Despite initial beach and vacation rental closures at the beginning of the COVID-19 pandemic, some tourism markets quickly rebounded over the summer. Many families took advantage of vacation homes for their post-lockdown getaways, particularly since a household trip to a mountain cabin or a private beach may have been the safest option this year. For vacation homeowners, it’s important to know the tax implications of owning the property.
The main factor in determining how vacation rental income and loss is treated for tax purposes involves comparing days the property was rented out versus days the property was utilized for personal use. Importantly, a vacation rental will be deemed to have been utilized for personal use even if the owner is not present on the property. Specifically, a vacation home will also be considered as utilized for personal use when family members, such as siblings, spouses, parents, grandparents, children, and grandchildren occupy the property. In addition, a day will be considered for personal use if occupied by renters who pay less than fair rental value and any days which are utilized under a home-exchange arrangement. Finally, however, any time spent repairing or maintaining the home do not count as personal use days even if family members utilize the property for recreation on the same day.
If it is rented for fewer than 15 days throughout the year, the property is not considered a rental property.
Based on the above rules in determining whether the property is rented or utilized for personal use, a taxpayer can then determine the taxability of any rental income. For example, if the property is rented for fewer than 15 days throughout the year, the property is not considered a rental property and the income does not have to be reported on the owner’s tax return. Since the rental income will not be included in the taxpayer’s income, any depreciation or operating expenses cannot be deducted. Importantly, however, any mortgage interest and property taxes, subject to mortgage interest and state and local tax limitations, are allowed as itemized deductions.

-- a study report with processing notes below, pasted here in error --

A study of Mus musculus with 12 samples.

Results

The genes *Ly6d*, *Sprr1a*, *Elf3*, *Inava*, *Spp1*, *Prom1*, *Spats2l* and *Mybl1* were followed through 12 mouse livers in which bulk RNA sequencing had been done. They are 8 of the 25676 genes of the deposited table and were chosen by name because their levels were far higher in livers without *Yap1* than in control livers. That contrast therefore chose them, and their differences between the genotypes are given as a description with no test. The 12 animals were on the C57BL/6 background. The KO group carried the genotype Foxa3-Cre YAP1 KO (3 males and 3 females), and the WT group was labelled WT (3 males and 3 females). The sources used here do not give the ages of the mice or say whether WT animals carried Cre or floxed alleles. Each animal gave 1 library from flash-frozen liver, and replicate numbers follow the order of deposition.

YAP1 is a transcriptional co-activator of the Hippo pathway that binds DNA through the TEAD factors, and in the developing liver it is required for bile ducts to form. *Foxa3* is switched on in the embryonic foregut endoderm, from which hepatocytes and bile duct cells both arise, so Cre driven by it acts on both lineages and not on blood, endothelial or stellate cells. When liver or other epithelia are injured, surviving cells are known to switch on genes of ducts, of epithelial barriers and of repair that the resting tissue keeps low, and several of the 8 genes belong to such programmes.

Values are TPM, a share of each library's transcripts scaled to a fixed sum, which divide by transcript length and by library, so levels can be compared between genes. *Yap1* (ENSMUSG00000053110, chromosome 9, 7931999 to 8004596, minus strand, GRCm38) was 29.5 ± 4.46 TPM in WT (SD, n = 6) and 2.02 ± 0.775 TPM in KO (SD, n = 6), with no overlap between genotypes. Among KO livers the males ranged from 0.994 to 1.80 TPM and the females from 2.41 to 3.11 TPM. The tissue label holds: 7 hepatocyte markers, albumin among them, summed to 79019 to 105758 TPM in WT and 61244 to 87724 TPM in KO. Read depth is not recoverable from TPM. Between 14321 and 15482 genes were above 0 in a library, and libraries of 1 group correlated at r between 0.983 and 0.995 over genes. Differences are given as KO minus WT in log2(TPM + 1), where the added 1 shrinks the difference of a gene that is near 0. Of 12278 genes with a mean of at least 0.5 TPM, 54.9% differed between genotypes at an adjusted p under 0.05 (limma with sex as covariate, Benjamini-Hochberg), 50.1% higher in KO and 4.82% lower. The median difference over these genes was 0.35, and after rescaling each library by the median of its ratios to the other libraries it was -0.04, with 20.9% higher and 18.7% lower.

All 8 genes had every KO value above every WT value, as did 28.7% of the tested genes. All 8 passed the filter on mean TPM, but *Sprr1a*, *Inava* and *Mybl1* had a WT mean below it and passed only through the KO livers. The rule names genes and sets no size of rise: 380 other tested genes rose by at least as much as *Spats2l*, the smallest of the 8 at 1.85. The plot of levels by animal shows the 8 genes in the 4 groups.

In contrast, if the property is rented for 15 or more days, all income received must be recognized. Fortunately, the taxpayer will be able to deduct depreciation and operating expenses as well as deducting mortgage interest and property taxes as rental expenses rather than as itemized deductions. Taxpayers will need to prorate the expenses to the extent of the number of days rented by the total number of days used.
Another wrinkle in the taxability of vacation home rentals is whether the home qualifies as a personal residence. Specifically, a property is considered a personal residence when personal use days exceed the greater of (1) 14 days or (2) 10% of total rental days. When a property is classified as a personal residence, a loss cannot be taken if expenses exceed income. Rather, the taxpayer would report net income of $0 for the year and carry forward any additional losses to future years. If a property is not considered a personal residence based on the above test, then the property is allowed to show a passive loss when expenses exceed income and potentially offset other passive income. These passive losses will be subject to at-risk limitations and other complex passive income and loss rules. If the property is sold before offsetting other passive income, any accrued losses may be utilized in the year of the sale.
Navigating the complexity of tax strategy for rental property can leave you in need of another vacation. We can help. Contact your P&N tax advisor to discuss how to make the most of your situation.
Matthew Cashio contributed to this article.